It is well established already that ‘discovery … happens elsewhere’ (Dempsey, 2016) only sometimes, if ever, taking place within the walls – physical or virtual – of a traditional cultural memory institution (library, archive, museum, etc.).
Individuals’ knowledge journeys, characterised only at times by explicit ‘information seeking’, are diverse, in the content sought and valued, and the discovery environment and search strategies employed. As digital technologies increase in power and sophistication, the design of tools and services takes an ever more subtle and nuanced account of user intention and behaviour, and the networked world makes it faster and easier to forge connections between individuals and information.
The downside of these advances is an ever increasing volume of information available globally and within specific communities or disciplines, and a diminishing understanding of the layers of mediation between an individual and the information they seek and consume. At the most basic level there is a common lack of understanding of the ways in which information is created, encoded, transmitted, preserved and retrieved, and a separation between individuals and the tools or technologies at their disposal to structure and navigate their information environment.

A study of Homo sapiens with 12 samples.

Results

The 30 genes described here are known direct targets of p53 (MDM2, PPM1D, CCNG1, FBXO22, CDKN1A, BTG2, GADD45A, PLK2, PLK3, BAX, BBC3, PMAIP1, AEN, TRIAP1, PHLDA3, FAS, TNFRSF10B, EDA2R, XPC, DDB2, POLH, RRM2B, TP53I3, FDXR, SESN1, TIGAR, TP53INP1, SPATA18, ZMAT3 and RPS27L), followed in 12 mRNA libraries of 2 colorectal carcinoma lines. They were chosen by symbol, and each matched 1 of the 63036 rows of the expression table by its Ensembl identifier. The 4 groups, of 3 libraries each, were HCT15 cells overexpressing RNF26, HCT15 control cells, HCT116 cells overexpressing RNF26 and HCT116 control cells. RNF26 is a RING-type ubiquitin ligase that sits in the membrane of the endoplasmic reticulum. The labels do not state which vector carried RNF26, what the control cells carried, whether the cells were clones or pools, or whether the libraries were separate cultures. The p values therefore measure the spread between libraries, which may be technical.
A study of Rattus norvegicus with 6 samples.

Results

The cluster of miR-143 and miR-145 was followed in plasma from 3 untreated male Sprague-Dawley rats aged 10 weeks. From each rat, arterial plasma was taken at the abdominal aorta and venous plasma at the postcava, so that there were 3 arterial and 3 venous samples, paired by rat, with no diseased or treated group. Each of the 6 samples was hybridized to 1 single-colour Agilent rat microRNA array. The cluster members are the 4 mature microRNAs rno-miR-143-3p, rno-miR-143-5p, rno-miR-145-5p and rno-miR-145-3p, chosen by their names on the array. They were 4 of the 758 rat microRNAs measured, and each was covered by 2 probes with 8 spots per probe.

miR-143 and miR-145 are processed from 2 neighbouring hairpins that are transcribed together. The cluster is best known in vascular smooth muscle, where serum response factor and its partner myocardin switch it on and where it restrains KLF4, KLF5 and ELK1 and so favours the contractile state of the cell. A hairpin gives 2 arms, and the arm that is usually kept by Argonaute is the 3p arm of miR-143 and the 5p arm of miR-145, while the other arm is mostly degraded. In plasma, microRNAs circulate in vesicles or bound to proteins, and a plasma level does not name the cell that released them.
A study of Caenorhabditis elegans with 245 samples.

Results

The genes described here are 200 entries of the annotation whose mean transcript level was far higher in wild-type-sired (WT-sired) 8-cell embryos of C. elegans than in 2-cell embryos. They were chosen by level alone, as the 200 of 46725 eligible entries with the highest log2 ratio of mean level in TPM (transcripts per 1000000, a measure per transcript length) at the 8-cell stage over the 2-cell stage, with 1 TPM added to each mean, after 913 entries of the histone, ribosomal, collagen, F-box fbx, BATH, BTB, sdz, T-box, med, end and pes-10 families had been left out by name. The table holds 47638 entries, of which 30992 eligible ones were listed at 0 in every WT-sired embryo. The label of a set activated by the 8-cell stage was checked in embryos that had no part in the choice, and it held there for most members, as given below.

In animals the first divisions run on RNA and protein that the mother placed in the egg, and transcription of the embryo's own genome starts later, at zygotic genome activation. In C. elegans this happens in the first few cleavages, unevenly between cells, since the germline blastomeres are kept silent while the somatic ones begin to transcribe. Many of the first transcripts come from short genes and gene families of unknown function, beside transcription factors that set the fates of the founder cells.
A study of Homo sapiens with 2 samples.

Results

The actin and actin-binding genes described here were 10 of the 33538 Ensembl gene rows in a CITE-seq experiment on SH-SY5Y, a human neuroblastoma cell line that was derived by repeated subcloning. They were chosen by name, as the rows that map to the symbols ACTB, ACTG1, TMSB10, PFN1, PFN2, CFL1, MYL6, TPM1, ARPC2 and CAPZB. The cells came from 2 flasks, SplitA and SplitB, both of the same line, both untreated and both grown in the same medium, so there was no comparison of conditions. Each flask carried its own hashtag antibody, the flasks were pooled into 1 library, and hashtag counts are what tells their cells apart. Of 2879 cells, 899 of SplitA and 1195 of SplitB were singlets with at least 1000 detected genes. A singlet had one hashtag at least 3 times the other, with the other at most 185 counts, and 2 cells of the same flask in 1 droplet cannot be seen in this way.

The most exciting example of technological progression is the advance in machine learning, which ‘gives computers the ability to learn without being explicitly programmed’ (Wikipedia, n.d.). Essentially, rather than simply following rules deterministically to solve a problem, machines are gaining the ability to determine rules for themselves. Previously, a machine was given data and rules, and produced answers. Now, machines can be given data and answers, and produce rules – which can then be applied to new data to produce new answers.
In the realm of discovery, this leads to an epochal shift in information retrieval, whereby machines can extract knowledge from documents (and other multimedia sources), and enable users to navigate knowledge graphs rather than lists of documents which they have to read themselves to understand. Knowledge graphs encode relationships between concepts, introducing more sophistication than the familiar citation graph (citations or cited-by links in article databases) to express any meaningful relationship between concepts. In this paradigm, users don't even need to know the question – machines can begin to uncover both known and currently unknown relationships, and open up new connections and hypotheses for exploration.